PORT-AU-PRINCE, HAITI Devastated by an earthquake 10 months ago and by a cholera epidemic over the past two weeks, Haiti dodged a bullet when Hurricane Tomas only struck a glancing blow to the country this week.
But the close call only serves to illustrate how unprepared the poorest country in the Western hemisphere is for another disaster.
With more than a million people still living in tents left over from earthquake relief supplies, the Haitian government did far too little, far too late to mitigate the possible effects of a major storm. At a tent city on the outskirts of the capital, a rapidly-rising river threatened to flood a community of more than a hundred families.
Police moved to evacuate the tents just hours before the storm could have devastated the camp, only to be told by the people there that they had nowhere else to go, and didn't want to leave their makeshift homes.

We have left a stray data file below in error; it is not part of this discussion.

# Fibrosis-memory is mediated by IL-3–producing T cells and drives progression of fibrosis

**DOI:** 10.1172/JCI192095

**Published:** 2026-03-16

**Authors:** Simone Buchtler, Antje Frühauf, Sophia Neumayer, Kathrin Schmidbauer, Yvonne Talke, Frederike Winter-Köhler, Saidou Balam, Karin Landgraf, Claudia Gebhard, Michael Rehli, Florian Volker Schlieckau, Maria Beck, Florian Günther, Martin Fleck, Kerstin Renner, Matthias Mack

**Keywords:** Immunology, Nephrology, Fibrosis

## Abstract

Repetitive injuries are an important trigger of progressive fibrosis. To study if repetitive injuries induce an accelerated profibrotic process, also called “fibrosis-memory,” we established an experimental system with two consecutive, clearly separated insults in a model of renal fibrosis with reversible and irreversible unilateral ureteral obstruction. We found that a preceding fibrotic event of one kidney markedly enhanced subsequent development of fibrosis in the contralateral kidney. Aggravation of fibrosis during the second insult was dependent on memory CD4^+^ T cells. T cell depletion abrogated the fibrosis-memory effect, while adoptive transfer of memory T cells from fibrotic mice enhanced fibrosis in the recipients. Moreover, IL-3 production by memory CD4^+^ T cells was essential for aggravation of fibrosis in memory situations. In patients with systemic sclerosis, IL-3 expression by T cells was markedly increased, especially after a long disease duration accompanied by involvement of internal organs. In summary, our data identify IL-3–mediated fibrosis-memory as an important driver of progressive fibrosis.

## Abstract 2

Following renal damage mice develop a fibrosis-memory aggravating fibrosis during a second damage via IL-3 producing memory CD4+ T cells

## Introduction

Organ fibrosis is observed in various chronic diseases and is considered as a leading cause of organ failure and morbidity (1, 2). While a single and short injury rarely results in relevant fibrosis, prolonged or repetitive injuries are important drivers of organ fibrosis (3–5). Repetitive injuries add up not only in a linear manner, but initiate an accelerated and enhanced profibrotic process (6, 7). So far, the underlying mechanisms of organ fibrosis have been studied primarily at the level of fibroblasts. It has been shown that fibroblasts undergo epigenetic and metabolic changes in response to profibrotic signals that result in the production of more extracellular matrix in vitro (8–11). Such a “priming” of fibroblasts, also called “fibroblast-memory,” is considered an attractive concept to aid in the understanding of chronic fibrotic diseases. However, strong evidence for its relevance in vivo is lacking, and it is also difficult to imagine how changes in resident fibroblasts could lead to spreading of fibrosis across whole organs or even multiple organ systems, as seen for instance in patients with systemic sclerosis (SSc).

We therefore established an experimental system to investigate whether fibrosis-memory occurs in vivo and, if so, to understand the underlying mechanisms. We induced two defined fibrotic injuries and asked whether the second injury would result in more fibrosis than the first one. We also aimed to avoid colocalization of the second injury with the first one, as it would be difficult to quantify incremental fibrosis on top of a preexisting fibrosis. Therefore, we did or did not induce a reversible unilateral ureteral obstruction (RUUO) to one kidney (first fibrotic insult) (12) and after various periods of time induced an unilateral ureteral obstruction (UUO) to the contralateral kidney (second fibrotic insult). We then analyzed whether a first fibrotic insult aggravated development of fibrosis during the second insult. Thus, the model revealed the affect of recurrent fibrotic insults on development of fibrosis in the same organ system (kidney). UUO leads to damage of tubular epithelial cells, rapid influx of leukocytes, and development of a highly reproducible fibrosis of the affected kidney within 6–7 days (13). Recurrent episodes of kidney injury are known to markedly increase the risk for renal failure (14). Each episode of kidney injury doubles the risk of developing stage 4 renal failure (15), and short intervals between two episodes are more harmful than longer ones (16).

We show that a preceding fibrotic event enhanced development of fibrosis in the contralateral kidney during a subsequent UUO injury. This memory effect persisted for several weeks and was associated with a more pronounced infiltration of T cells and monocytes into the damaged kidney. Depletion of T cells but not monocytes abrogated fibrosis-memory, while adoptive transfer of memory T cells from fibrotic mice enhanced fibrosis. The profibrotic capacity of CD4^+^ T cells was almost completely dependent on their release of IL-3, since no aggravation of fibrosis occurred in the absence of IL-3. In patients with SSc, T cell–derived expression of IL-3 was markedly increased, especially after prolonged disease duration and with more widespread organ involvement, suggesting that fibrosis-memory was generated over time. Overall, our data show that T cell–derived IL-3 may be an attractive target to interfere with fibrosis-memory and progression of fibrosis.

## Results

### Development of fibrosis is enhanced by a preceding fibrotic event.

The police left the people didn't.
Events like this played out across the city, as water suppliers scrambled to get clean water in place to avoid any contamination that can come after a hurricane sweeps through. Local health officials here warned that the cholera epidemic could spread exponentially if a hurricane disrupted the water supply.
Despite those efforts, many Haitians still drank from overflowing rivers, surrounded by trash from overtaxed sewage systems.
Haiti did not emerge from Tomas completely unscathed. Seven people died due to flooding, and the cholera epidemic has so far claimed more than 400 lives. But the death toll would have been much higher had the hurricane made a direct hit on the island.
The Haitian government got lucky this time. History shows it's unlikely their luck will hold out.